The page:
On March 9, Copts and other Oriental Orthodox Churches commemorate the departure of St. Kyrillos VI, known to be a man of prayer, a beholder of the divine light, and a wonder worker. Sadly, many volumes have been dedicated to his miracles while far less has been written about his dedication to the life of prayer.
March 2021 marks also the production of a movie dedicated to St. Nektarious of Aegina, a Greek Orthodox saint known for his humility, unconditional love to irreputable individuals, and being a wonderworker. Like the former, he is more infamous for his miracles among simple believers than he is for the rest of his virtues.
For many, it is easy to believe that all miracles attributed to these men to be factual, true, and indisputable. These miracles attest to them having attained union with God by which they derived their holiness from Him and offering healing and comfort to the people through their miracles.
Personally, I never struggled with believing in miracles existing though I have an issue with their frequency. My struggles are mainly found in the following aspects:
- If all these miracles are true, then how come I still have many individuals (Orthodox and otherwise) with diverse diseases whether in hospitals or long-term care homes where I provide(d) care? They are all doing the same things: praying, reading lives of saints, and hoping for a miracle. Those affected include fathers, mothers, brothers, sisters, children, grandparents, and infants.
- How come God picks and chooses to heal some yet cancer continues to eat the flesh of many? COVID-19 has killed over a million people. Why is God not putting a stop to the cause and chooses to work on case-by-case basis?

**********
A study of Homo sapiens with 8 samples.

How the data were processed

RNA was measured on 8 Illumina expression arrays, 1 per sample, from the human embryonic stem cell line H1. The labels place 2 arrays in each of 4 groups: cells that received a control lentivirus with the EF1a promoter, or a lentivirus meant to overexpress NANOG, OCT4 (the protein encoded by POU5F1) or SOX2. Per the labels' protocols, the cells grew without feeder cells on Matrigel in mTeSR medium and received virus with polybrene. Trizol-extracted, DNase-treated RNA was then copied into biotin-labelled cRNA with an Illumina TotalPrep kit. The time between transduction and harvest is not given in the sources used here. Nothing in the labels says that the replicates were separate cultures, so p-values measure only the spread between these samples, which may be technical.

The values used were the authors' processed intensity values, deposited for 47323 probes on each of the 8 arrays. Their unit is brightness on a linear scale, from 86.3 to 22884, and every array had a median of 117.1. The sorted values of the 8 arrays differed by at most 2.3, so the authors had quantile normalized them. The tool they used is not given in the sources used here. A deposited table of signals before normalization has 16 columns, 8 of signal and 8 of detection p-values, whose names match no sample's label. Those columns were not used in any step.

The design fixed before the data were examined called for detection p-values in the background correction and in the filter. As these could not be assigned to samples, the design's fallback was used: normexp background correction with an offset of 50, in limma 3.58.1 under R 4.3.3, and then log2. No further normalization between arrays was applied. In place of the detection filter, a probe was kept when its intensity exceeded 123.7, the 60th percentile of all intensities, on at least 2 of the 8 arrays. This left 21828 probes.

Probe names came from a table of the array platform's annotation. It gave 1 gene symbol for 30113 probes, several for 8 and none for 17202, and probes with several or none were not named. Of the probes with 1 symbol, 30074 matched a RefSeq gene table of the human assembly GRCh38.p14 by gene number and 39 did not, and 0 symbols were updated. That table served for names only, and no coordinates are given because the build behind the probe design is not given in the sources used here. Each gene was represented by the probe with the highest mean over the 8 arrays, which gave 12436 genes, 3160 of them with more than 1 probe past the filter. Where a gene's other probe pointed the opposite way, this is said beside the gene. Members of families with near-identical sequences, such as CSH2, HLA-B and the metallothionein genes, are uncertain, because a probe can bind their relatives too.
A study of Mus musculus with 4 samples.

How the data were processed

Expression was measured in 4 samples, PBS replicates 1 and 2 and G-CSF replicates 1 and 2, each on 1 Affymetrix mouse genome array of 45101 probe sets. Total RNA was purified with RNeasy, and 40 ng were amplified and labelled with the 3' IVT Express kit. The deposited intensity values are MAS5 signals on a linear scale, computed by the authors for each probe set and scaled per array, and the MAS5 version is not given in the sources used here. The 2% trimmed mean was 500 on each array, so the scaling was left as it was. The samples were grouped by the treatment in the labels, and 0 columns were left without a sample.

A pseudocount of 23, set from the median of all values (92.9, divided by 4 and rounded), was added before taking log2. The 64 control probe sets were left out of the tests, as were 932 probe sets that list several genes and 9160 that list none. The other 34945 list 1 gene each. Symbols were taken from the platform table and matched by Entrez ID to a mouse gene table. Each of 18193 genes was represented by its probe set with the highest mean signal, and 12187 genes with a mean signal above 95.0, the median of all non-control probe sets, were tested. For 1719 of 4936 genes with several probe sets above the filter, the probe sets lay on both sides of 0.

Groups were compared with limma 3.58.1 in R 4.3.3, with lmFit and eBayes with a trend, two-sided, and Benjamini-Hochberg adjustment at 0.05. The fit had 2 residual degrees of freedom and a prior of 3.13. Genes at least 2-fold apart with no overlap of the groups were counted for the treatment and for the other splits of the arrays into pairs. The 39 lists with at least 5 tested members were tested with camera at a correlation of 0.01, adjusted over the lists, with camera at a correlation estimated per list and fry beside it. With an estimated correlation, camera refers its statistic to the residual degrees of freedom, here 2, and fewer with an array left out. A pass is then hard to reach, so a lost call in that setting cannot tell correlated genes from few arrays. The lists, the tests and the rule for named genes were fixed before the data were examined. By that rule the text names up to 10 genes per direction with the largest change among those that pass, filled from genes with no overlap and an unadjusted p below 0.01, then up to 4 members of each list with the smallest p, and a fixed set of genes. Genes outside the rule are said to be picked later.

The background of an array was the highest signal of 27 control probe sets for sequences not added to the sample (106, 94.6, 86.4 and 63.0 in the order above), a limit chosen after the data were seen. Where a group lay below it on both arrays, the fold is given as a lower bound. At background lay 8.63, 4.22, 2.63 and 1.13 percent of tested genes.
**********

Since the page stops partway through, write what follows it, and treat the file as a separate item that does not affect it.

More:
- The faithful are focusing on miracles rather than God… and the list goes on.
The first two questions will likely have no satisfactory answer. We know from the ascetic tradition that when Abba Anthony asked similar questions, he was told to worry about his own salvation rather than the wisdom of God. I am certain I will not get a better answer than that which Abba Anthony received.
As for the last statement, “The faithful are focusing on miracles rather than God,” I think much can be said about it.
First, denial of miracles is not useful. It will simply avert believers in them and make them question the faith of the person denying them. It also will not make you any more of a realist. As Fyodor Dostoyevsky put it in his The Brothers Karamzov, “To my thinking, miracles are never a stumbling block to the realist. It is not miracles that dispose realists to belief… Faith does not, in the realist, spring from the miracle but the miracle from faith.”
Second, the faithful need to be invited to discern the spirits. Questioning the frequency of miracles is valid. Believing every claim of a miracle taking place is problematic. The number of miracles attributed to a figure like St. Kyrillos VI almost makes it impossible to think a Copt needs to ever see a doctor when they can simply ask St. Kyrillos VI.
Third, the faithful need to be reminded of how the early Church thought of miracles. St. John Chrysostom in his 42nd homily on the Gospel of John, “For miracles, it says, are not for believers, but for unbelievers.” The believers do not need the miracle for them to believe. Miracles are only performed when a dire need arises. Saints are not intended to replace an advil when a believer has a cold. Saints are intended to be those in whose steps we walk to meet the bridegroom when we lose the way (Song of Solomon 1:8)
I will leave you with a quote by the late Bishop Epiphanious, abbot of the Monastery of St. Macarius:
“The concept of [supernatural] miracles has replaced Christ, ecclesial life, and the liturgical life for many… The most important miracles in Christianity are the incarnation, the resurrection, and the Eucharist.”